Starting a business is a big achievement for many entrepreneurs, but maintaining one is the larger challenge. There are many standard challenges that face every business whether they are large or small. It is not easy running a company, especially in a fast-paced, ever-changing business world. Technology advances, new hiring strategies, and now, political changes coming with the new administration, all add to the existing business challenges that entrepreneurs, business owners, and executives have to deal with.

Maximizing profits, minimizing expenses and finding talented staff to keep things moving seem to be top challenges for both SMBs and large corporations. We have been interviewing companies from around the world to discover what challenges they are facing in their businesses. We also asked each company to share business advice they would give to a younger version of themselves.

Below is our interview with Colin Earl, Founder and CEO at Agiloft:

What does your company do?

Agiloft is a maker of code-free business applications. Popular applications are contract management, IT services and business process automation. Our clients run the gamut from Fortune 50 companies like Roche, Chevron and AT&T to public sector such as USAF, Cal Poly to startups like Hyperloop and Shopify. Our platform enables Our unique pre-built and custom applications to be tailored to a company's exact needs without writing custom code, so deployment times and costs are a fraction of those required for other systems.

What is your role? What do you enjoy most about your role?

As CEO, my job is to communicate the company’s vision and mission and put the systems in place to empower each of our employees to achieve that mission. For example, a lot of companies talk about putting their customers at the center of everything they do. We actually back that up by providing an unconditional satisfaction guarantee on both software license and implementation services. This is unique in the enterprise software industry and ensures that the interest of everyone in the company is aligned with that of the customer. When a new customer is successfully implemented, all employees get a sales commission, not just the Sales team. We are building the business for the long term and doing the things the right way brings me a lot of satisfaction.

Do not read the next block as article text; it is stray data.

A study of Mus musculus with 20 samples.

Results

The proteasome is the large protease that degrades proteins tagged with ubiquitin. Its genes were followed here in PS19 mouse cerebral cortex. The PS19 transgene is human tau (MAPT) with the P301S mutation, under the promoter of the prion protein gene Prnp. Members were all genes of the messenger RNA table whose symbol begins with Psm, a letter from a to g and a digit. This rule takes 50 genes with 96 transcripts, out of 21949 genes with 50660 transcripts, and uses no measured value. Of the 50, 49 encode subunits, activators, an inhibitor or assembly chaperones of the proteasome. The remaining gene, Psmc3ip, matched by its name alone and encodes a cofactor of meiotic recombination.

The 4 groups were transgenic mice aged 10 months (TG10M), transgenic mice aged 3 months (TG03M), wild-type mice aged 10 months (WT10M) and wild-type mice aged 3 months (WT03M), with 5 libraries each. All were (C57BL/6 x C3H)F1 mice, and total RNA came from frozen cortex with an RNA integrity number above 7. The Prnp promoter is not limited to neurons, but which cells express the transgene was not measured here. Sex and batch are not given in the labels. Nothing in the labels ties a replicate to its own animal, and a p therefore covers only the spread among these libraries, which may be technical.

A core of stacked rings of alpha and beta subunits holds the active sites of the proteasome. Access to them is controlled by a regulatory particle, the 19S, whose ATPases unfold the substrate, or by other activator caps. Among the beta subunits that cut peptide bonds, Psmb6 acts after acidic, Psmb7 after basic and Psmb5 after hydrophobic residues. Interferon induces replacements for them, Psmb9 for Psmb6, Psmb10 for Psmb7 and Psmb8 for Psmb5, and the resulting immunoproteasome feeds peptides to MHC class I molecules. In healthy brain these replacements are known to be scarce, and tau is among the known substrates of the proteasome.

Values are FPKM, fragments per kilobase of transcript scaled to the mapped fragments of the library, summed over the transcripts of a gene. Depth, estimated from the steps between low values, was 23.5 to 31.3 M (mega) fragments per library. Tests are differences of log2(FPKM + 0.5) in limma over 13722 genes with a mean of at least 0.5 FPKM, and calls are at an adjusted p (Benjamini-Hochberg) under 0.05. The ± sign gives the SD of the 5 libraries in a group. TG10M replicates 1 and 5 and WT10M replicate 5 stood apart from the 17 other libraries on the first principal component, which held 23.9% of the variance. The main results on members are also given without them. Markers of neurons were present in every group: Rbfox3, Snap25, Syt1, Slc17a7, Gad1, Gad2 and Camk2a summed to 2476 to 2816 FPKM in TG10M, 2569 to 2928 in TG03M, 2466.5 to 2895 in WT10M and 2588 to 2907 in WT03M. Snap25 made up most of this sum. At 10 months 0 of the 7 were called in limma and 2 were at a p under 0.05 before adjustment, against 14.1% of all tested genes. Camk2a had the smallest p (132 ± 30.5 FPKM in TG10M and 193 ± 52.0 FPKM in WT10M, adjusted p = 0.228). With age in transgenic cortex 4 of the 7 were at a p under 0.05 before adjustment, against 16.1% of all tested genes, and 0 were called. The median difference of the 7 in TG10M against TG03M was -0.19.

What are the biggest challenges in your business right now?

Our biggest challenges are those associated with a rapidly growing business. Hiring in Silicon Valley is always tough. From a strategy perspective, we’re in the rare position in Silicon Valley of not having taken any VC funding. We’re also one of the few fast-growing SaaS companies that is profitable. The challenge for us is making the right decisions around scaling the company. Is now the right time for an investment not just of capital, but of expertise in managing growth? If so, who are the right investors? If we do embark on this path, how will the company’s culture be affected? If we continue to go forward organically, are we limiting our growth and the potential of our employees?

If you could go back in time, what business advice would you give to a younger version of yourself?

If I were to offer advice to a younger version of myself, I would say: don’t doubt in your vision, but be decisive and act fast. Companies today are fed up with spending months to implement enterprise systems or make changes to them, and the only way to fix this is by eliminating the need for custom coding. The fact that no else thinks it can be done doesn't mean you are crazy, it just means that you are first. Push yourself to pursue your vision, no matter how risky.